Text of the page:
The Coalition on the Academic Workforce (CAW) is a group of higher education associations, disciplinary associations, and faculty organizations committed to working on the issues associated with the deteriorating faculty working conditions and their effect on the success of college and university students in the United States.

Specifically, CAW’s purpose is to

  • collect and disseminate information on the use and treatment of faculty members serving full- and part-time off the tenure track and the implications for students, parents, faculty members, and institutions;
  • articulate and clarify differences in the extent and consequences of changes in the faculty within and among the various academic disciplines and fields of study;
  • evaluate both short-term and long-term consequences of changes in the academic workforce for society and the public good;
  • identify and promote strategies for solving the problems created by inappropriate use and exploitation of part-time, adjunct, and similar faculty appointments; and
  • promote conditions by which all faculty members, including full- and part-time faculty members serving off the tenure track, can strengthen their teaching and scholarship, better serve their students, and advance their professional careers.

NFM joined CAW in 2011 and is officially represented by Maria Maisto NFM president and NFMF Exec Dir; Esther Merves, NFM Membership Consultant and NFMF Director of Research and Special Programs; and Anne Wiegard, NFM Board Member and NFMF Board President.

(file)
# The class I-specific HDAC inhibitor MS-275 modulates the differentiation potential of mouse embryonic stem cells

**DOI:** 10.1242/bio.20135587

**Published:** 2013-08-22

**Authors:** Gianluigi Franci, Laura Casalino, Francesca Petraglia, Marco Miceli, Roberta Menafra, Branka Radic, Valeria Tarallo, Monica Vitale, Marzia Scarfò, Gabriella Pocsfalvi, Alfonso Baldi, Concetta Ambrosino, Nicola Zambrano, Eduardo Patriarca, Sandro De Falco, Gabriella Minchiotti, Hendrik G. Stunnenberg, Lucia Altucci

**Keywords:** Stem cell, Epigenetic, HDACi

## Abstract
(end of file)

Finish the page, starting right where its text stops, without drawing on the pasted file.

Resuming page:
CAW has released “A Portrait of Part-Time Faculty Members: A Summary of Findings on Part-Time Faculty Respondents to the Coalition on the Academic Workforce Survey of Contingent Faculty Members and Instructors (2012)”

In an effort to address the lack of data on contingent faculty members and their working conditions, the Coalition on the Academic Workforce (CAW) fielded an ambitious survey in fall 2010, seeking information about the courses these faculty members were teaching that term, where they were teaching them, and for what pay and benefits. The survey received close to 30,000 responses, with more than 10,000 coming from faculty members who were teaching part-time at an institution or institutions of higher education in fall 2010. The responses from these part-time faculty members provide the basis for a detailed portrait of the work patterns, remuneration, and employment conditions for what has long been the fastest-growing and is now the largest part of the academic workforce.